If you’re reading this, you probably have a job. You’re making enough money to put food on the table, and you might even own a car that’s under 10 years old. All that is great, but is it really what defines career success these days?
In the past, the answer to that question has been yes. The generations before us lived in a world where providing for your family was the primary goal, and that was the basically the only reason you had a job. If you couldn’t do that, or if you were just scraping by, you were a failure. But our world is becoming an increasingly diverse place, growing away from “traditional” work habits. And along with that has come a change in the definition of success.
Millennials don’t just consider success to be a measurement of how much money they have. Of course, they still value money as a necessity for food, shelter and clothing, but many of the youngest segments of our workforce are starting to view money as a means to an end.
That means that Millennials have thrown another huge variable into the definition of success–fulfillment. They are becoming increasingly aware of how their jobs are helping or hurting those around them, and they are actively seeking out jobs that make a positive impact on the world; jobs that actually matter beyond a paycheck.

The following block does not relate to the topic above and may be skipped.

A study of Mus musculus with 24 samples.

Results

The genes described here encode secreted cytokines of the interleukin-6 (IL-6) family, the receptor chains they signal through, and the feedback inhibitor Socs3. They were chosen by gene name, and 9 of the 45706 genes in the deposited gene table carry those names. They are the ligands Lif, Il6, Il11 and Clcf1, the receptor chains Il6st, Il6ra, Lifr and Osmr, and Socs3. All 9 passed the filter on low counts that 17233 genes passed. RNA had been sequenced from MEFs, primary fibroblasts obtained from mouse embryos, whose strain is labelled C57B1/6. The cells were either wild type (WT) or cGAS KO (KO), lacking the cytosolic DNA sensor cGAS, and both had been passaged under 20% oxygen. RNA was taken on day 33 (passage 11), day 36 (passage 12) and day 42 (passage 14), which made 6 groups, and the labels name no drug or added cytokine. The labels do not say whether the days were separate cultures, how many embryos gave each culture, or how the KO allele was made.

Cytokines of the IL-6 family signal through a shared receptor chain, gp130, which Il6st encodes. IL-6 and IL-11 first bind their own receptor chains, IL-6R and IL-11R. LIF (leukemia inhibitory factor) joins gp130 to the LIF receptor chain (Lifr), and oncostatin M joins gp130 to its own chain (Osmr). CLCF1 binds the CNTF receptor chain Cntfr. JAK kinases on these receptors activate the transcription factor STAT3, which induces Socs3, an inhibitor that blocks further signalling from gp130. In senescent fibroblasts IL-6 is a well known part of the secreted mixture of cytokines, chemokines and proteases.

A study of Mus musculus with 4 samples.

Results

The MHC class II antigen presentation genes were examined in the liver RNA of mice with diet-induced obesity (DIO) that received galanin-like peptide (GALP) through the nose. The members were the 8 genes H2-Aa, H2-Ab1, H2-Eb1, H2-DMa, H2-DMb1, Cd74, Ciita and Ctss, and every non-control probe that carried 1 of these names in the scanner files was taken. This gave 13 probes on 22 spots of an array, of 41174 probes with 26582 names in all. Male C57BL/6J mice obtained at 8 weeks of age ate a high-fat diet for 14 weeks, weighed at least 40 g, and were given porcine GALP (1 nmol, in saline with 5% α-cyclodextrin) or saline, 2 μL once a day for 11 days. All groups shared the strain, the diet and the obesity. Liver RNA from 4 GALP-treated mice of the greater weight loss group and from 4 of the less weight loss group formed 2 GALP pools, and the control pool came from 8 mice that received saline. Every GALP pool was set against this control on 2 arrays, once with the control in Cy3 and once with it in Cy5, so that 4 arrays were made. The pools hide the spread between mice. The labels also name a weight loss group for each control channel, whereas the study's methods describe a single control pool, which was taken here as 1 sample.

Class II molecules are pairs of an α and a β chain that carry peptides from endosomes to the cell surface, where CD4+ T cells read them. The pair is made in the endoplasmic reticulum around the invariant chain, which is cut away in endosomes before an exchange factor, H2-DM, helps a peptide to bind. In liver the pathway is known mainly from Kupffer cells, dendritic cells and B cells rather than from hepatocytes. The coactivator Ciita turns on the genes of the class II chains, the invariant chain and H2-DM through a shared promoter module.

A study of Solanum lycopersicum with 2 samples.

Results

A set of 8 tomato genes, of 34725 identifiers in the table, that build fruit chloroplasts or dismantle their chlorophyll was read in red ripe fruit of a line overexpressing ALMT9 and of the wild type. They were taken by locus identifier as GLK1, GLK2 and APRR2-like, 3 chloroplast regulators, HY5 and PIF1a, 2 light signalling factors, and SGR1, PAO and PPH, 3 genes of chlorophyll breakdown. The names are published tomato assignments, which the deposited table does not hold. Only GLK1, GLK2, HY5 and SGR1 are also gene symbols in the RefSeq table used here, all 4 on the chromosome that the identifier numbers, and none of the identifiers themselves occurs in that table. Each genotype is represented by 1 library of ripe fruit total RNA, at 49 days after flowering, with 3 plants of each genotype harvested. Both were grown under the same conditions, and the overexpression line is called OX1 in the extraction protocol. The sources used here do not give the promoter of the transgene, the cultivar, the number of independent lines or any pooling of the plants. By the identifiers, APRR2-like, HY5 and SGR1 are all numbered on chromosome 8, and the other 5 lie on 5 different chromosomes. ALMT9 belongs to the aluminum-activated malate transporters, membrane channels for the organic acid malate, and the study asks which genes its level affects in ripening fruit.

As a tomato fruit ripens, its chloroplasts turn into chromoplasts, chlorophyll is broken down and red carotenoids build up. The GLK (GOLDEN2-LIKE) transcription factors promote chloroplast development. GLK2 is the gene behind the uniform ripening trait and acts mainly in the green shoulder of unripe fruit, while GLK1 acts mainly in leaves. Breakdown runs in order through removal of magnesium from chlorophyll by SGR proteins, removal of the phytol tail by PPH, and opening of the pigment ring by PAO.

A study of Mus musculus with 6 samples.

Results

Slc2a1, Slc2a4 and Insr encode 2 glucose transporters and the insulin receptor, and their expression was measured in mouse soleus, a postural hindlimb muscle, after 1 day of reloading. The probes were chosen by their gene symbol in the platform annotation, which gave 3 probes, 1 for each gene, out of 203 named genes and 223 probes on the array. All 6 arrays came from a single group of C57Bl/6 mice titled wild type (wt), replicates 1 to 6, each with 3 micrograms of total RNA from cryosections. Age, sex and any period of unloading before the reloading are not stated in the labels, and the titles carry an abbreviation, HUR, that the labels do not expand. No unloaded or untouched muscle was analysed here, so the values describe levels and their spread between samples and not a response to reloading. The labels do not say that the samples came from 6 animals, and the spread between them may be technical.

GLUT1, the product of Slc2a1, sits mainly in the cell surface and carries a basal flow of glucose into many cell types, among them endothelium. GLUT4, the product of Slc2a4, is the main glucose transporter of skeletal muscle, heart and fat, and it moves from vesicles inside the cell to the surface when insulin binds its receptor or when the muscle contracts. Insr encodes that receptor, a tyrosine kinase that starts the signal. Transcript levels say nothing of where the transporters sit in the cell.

The Changing Definition of Career Success
If you asked your grandparents if they consider themselves successful, their answer would probably be based on these questions:
- Did I make enough money to support my family and my retirement?
- Did I raise children who have grown up to support their families and their retirement?
But if you asked a Millennial if they are successful, they would consider an entirely different set of questions:
- Did my work make an impact on those around me?
- Will what I do matter in ten years? Fifty years? One hundred years?
- Would the world be worse off if I had chosen not to pursue this path?
Obviously there’s still the question of “Did I make enough money to put food on my plate?” But Millennials are also considering their responsibility as a global citizen. You can see this in Millennial start-ups. One study found that, “While entrepreneurs traditionally built their businesses and wealth first and considered philanthropy later, ‘millennipreneurs’ are thinking about their social impact early on.”
Despite all the allegations that Millennials are lazy, entitled, spoiled brats, I’d say their awareness of social responsibility disputes that claim.
If you’re unhappy in your job, consider how you would define career success in your own life? How can you use your skills to reach your goals?